For the third time in five years, native daughter Wendy Whelan has performed in Louisville. This time in the co-production, “Some of a Thousand Words.”
The piece was co-commissioned by the Kentucky Center together with The Joyce Theater, the Modlin Center for the Arts at the University of Richmond, and the International Festival of Arts and Ideas where it received its world premiere last summer.
Whelan and choreographer and dancer Brian Brooks (also Whelan’s collaborator for 2015’s “Restless Creature”) this time partner with contemporary chamber quartet Brooklyn Rider for a compact, intense evening of movement and music, each informing and shaping the other.
Whelan and Brooks are uncannily matched in form and movement; he slightly taller, she a bit more slight, yet their kinesthetic connection is palpable in the first movement (music by Jacob Cooper.) Whether the matched and mirrored movement is a slight roll of a shoulder or a full body sweeping movement, their bodies, affect, and attitude are impeccably matched; perhaps Whelan’s extensions are more full and graceful.
As the movement shifts to echoing rather than synchronous movement sequences, Whelan’s and Brooks’ connection displays differently but generates equal fascination as he effortlessly drops into movement sequences that she has established.
Having established a physical vocabulary in the first movement, iterations of those phrases are repeated and morphed throughout the remaining three movements, both in duet and solo mode. There is a fascination with the tension between extension and collapse in Brooks’ choreography that both builds on Whelan’s classical experience and pushes beyond those expectations. This, of course, is most fully explored in the final movement of the evening, an expanded version of “First Fall” which is equally impressive two years after first viewing.
A lighter sequence is the one in which two chairs are employed, bringing more options of levels into an evening of choreography that is clearly a grounded experience.
A motif of this piece was Whelan standing on the chair, Brooks moving into the chair – barely within eye contact – just in time to catch Whelan as she angled into a fall. Yet another example of the kinesthetic connection between these two performers.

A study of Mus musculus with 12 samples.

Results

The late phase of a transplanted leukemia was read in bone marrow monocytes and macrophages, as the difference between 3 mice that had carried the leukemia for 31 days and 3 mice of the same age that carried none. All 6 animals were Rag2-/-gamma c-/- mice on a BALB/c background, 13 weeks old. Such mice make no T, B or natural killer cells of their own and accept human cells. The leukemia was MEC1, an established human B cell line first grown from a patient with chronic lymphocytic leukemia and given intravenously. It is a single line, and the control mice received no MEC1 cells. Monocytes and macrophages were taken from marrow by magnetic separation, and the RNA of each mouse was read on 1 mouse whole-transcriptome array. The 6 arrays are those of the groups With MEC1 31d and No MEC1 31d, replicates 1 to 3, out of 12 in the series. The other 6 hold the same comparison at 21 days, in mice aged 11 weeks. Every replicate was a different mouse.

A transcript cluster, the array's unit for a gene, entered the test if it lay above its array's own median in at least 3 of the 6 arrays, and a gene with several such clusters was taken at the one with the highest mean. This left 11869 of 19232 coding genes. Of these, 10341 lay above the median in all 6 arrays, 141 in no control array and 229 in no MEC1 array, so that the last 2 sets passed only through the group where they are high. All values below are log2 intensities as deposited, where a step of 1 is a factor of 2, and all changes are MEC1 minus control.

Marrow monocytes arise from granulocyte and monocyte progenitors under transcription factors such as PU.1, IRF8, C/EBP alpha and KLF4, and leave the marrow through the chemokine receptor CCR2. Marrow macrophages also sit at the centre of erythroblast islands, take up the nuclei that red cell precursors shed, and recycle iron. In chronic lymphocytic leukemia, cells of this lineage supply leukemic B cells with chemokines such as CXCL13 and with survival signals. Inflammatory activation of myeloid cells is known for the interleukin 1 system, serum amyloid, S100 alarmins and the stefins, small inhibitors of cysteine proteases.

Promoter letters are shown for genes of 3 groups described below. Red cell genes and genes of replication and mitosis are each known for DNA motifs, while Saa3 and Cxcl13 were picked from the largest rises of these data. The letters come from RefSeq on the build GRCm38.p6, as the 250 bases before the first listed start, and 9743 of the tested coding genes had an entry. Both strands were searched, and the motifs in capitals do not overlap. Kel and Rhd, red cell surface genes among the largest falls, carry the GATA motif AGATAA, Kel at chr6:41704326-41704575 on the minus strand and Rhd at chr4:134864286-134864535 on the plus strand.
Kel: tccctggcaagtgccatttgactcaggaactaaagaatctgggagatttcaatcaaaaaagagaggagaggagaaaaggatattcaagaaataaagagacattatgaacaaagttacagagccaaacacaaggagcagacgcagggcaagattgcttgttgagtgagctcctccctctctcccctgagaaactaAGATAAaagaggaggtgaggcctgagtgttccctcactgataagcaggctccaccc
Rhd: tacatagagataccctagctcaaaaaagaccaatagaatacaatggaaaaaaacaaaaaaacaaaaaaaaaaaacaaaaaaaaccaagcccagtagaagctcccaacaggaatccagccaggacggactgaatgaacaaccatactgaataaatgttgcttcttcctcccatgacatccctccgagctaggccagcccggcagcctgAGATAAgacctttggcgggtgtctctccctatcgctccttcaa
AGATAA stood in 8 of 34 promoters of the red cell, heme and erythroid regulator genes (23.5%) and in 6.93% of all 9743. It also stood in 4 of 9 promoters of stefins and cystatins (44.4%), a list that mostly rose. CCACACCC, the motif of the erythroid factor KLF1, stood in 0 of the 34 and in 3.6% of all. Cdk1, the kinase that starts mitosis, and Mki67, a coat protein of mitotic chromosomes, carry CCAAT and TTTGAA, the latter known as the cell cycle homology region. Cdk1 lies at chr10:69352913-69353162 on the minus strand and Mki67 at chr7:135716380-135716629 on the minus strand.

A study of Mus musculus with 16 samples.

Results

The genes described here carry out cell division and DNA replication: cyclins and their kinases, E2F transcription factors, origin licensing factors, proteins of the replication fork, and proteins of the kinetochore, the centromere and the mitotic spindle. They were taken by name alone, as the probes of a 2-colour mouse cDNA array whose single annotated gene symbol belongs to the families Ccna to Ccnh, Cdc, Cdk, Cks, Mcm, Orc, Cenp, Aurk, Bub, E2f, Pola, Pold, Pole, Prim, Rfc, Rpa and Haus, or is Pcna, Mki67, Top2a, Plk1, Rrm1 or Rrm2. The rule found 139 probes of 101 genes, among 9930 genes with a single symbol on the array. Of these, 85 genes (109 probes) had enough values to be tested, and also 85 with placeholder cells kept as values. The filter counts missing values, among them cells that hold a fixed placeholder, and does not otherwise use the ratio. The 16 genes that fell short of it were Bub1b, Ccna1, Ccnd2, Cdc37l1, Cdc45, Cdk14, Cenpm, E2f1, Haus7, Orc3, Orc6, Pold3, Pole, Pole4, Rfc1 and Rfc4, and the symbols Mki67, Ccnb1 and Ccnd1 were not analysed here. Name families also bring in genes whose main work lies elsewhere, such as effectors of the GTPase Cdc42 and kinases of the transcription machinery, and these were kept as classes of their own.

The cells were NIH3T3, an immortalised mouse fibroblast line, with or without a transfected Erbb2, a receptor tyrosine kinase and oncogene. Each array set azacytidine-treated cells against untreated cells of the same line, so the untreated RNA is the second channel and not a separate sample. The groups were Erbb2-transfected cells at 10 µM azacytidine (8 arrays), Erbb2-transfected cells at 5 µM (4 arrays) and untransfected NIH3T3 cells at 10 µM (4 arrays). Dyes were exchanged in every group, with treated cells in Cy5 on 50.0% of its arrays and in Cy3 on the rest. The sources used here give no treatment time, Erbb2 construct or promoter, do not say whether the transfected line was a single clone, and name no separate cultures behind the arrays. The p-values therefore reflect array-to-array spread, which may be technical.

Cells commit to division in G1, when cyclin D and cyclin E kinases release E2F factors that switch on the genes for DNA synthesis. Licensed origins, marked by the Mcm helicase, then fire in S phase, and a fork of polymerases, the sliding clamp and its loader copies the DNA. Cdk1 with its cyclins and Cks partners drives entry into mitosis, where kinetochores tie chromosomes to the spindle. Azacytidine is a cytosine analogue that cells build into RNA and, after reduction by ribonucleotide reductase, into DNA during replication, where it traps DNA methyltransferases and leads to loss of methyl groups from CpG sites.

It is always a bonus to have live music, and in this performance, the players of Brooklyn Rider are on stage as well. Cellist Michael Norris began the evening solo with Cooper’s “Arches.” And for subsequent movements was joined by Nicholas Cords (viola,) and violinists Johnny Gandelsman and Colin Jacobsen. Jacobsen composed the third movement; additional composers were John Luther Adams, Tyondai Braxton ad Philip Glass.
Karen Young’s costume design showed Whelan and Brooks in what seems to be the current “uniform” of contemporary dance: variations of jeans and tank tops. Joe Lavasseur’s lighting was almost the third character of the evening. Subtle, and moving with the dancers, the illumination and shadow supported their connectedness in a sophisticated approach that Louisville dance audiences rarely see.
This was the final program of this season of Kentucky Center dance programming. Pilobolus, Alonzo King Lines, and Whelan and Brooks collectively are significant contributors to the current dance landscape. Here’s hoping that the Kentucky Center will bring more exemplars of contemporary dance to Louisville audiences next season.